But world's fairs are no longer the draw that they once were, and they have faded in the public consciousness accordingly.
Quick test: where were the last three Summer Olympics held? Where were the last three Expos held?
Someone has to break the bad news to city council:
The attendance forecast in a study backing a possible bid to play host to a world's fair in Toronto in 2015 is far too optimistic, according to a review prepared for the Toronto Economic Development Corp.
The feasibility study's approach, which was to extrapolate from the number of visits to Expo 67 in Montreal, using the contemporary population in Eastern Canada and the northeastern United States, is "simplistic," the review says.
The review, by California-based consulting firm Economics Research Associates in conjunction with world's fair expert Gordon Linden, says a reasonable forecast of a low, medium and high attendance would be 30 million, 40 million or 50 million visits, rather than the 72 million of the feasibility study.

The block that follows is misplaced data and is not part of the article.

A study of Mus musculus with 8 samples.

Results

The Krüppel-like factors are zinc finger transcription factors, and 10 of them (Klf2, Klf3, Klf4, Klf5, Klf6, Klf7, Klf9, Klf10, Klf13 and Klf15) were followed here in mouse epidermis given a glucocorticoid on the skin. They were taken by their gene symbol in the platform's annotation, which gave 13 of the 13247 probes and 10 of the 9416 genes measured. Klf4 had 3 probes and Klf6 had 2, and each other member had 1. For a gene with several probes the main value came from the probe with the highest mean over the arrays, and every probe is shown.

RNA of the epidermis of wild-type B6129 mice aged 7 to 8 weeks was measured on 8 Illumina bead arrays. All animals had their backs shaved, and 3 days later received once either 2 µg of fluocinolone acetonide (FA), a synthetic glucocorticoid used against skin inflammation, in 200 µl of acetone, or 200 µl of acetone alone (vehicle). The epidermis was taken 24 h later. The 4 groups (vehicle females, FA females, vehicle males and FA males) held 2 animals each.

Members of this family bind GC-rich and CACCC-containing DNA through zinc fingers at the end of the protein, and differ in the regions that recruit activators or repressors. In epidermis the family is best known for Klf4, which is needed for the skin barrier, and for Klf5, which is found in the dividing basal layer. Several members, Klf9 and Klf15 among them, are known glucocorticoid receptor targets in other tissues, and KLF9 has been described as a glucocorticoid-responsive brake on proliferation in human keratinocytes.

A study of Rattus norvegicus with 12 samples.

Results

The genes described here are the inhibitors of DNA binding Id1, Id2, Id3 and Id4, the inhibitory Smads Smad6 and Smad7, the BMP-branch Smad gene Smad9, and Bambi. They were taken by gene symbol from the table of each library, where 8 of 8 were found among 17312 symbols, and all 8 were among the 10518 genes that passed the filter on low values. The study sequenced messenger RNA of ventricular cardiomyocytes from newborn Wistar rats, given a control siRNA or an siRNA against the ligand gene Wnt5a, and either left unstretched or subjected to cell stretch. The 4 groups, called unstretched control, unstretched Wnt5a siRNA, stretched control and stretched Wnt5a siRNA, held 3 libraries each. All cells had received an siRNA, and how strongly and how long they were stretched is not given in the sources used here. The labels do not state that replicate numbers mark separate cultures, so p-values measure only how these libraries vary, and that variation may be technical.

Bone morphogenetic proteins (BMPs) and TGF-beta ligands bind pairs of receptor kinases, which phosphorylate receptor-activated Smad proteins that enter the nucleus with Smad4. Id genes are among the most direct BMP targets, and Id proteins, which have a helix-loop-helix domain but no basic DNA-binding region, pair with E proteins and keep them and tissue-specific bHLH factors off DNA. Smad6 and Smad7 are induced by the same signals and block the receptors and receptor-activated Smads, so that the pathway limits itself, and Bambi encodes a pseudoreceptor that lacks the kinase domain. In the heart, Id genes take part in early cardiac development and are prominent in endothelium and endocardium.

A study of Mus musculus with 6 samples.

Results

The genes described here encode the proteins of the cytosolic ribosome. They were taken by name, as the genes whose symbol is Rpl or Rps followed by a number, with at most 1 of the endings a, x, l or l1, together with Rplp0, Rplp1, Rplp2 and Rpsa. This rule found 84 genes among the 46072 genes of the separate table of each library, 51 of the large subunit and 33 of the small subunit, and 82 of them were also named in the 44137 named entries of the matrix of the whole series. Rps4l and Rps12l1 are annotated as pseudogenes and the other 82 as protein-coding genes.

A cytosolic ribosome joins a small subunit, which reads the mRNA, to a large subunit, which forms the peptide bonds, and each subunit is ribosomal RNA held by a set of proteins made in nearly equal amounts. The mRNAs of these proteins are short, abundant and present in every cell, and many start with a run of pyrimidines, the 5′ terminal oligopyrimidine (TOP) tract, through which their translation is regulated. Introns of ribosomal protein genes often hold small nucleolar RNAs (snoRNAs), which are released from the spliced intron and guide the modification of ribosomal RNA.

The review also warns that "the world's fair industry faces widespread questioning as to enduring appeal and relevance in face of increasingly sophisticated competition from alternative location-based and electronic entertainment forms."
This downward trend isn't going to change any time soon. The last Expo in Aichi, Japan (which is the first you've probably heard of it) had only 22 million visitors over six months, a far cry from the 50 million who came to Expo '67.
By 2015, Expo Toronto might be competing with the CNE for the role of fastest-fading Toronto entertainment institution.
But hey, maybe it's just what we need to actually revitalize the waterfront, a project that has been regularly announced and shelved since the Pleistocene era.